Gelson's Markets, the 27-unit specialty food store chain in Southern California, is being sold by private equity group TPG Capital to Japan-based Pan Pacific International Holdings.
Terms of the deal, expected to be finalized in the second quarter, were not disclosed.
In a prepared statement, Rob McDougall, president-CEO of Gelson’s, said, "As we look to the future, we are excited about opportunities for new growth and partnerships under PPIH, while remaining focused on our longtime commitment to the highest standards of quality, value, and unsurpassed customer service. PPIH leadership has visited every one of our locations and has been incredibly complimentary of our stores and teams, as well as our customer service philosophy.”
The announcement notes that "Gelson’s was acquired by TPG Capital in 2014. The brand has grown significantly over the seven-year partnership, expanding its footprint from 17 to 27 stores from Santa Barbara to San Diego."
Pan Pacific is described in the release as "a global retailer with 638 international stores, 582 of them in Japan. The company was founded over 40 years ago by entrepreneur and innovator Takao Yasuda and is particularly known for their famous Don Quijote store brand. PPIH also operates stores in the U.S. in Hawaii and California, as well as in Singapore, Hong Kong, Thailand, and Taiwan." The company has been talking about expanding its US presence for close to a decade.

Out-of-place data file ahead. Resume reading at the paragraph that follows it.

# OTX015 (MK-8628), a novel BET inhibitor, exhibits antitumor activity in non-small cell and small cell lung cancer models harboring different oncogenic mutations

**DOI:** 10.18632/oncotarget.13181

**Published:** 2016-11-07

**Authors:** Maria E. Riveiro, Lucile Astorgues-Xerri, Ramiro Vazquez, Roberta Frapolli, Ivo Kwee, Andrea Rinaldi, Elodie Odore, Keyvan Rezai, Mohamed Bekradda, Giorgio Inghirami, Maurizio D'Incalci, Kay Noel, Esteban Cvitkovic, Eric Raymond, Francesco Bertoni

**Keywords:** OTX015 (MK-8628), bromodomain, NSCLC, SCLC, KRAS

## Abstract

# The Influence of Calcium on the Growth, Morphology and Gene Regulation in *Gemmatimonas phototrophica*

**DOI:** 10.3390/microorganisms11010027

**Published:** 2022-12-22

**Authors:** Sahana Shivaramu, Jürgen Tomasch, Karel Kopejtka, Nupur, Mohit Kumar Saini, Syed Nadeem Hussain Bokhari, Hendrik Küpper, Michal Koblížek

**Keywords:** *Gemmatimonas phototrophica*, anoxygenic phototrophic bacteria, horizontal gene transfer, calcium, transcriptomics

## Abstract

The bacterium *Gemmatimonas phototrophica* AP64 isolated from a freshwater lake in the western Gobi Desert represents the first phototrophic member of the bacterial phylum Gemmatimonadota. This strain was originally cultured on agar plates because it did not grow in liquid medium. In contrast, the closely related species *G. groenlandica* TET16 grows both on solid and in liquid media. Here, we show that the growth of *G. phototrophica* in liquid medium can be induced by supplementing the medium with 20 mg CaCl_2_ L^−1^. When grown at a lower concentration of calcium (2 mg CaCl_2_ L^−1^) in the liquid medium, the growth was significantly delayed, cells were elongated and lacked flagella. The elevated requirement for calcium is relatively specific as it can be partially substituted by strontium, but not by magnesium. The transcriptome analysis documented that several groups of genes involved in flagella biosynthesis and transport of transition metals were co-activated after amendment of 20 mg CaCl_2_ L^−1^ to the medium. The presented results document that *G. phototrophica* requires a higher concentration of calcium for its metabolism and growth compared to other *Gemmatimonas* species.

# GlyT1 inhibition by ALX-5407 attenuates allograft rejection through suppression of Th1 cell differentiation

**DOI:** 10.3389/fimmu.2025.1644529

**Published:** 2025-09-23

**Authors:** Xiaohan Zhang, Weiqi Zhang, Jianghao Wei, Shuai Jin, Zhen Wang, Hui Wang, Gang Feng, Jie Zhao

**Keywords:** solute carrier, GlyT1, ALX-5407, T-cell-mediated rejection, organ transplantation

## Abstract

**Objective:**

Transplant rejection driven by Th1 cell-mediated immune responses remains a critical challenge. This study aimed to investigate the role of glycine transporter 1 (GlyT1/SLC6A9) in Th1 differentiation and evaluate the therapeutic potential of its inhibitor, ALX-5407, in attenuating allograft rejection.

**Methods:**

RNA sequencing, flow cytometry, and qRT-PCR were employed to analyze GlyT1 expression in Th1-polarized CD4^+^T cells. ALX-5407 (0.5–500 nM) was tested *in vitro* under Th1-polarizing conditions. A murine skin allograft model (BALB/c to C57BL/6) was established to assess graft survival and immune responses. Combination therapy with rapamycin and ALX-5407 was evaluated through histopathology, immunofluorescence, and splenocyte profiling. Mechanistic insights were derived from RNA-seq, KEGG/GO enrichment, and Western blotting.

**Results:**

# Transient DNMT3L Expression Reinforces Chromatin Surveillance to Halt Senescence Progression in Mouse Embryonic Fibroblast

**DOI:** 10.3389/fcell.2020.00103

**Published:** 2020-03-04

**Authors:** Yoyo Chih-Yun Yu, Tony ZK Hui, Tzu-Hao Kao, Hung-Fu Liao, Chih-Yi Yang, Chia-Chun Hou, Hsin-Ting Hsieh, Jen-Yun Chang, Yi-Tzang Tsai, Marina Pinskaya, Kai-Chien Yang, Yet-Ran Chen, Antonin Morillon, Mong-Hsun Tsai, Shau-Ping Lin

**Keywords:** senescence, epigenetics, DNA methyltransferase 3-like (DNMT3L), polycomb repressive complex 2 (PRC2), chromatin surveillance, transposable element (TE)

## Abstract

Late last year, Bloomberg reports, Pan Pacific was in the news for less positive reasons - its former CEO, Koji Ohara, was arrested for insider trading.
- KC's View:
It is interesting that Southern California's two major specialty food store chains, Gelson's and Bristol Farms, are both now owned by Asian companies; Bristol Farms is part of Good Food Holdings, which is owned by Emart, South Korea’s largest retailer.
Both Emart and Pan Pacific have expressed interest in broader expansion within the US. Emart has seemed focused on the west coast specialty food segment - it also owns Metropolitan Markets in Seattle and New Seasons Markets in Portland. If Pan Pacific pursues a similar strategy, whether on the west coast or elsewhere in the US, then it might be a good time for such businesses to be considering a sale - in part because it might be a seller's market, and in part because they might find themselves competing against better-funded entities with their eyes on the same customer.
(If I were such a retailer considering a sale I'd be getting on the phone with Scott Moses at PJ Solomon, who specializes in such deals and is one of my favorite people on the planet. This is an unsolicited plug - Scott will be surprised when he reads this.)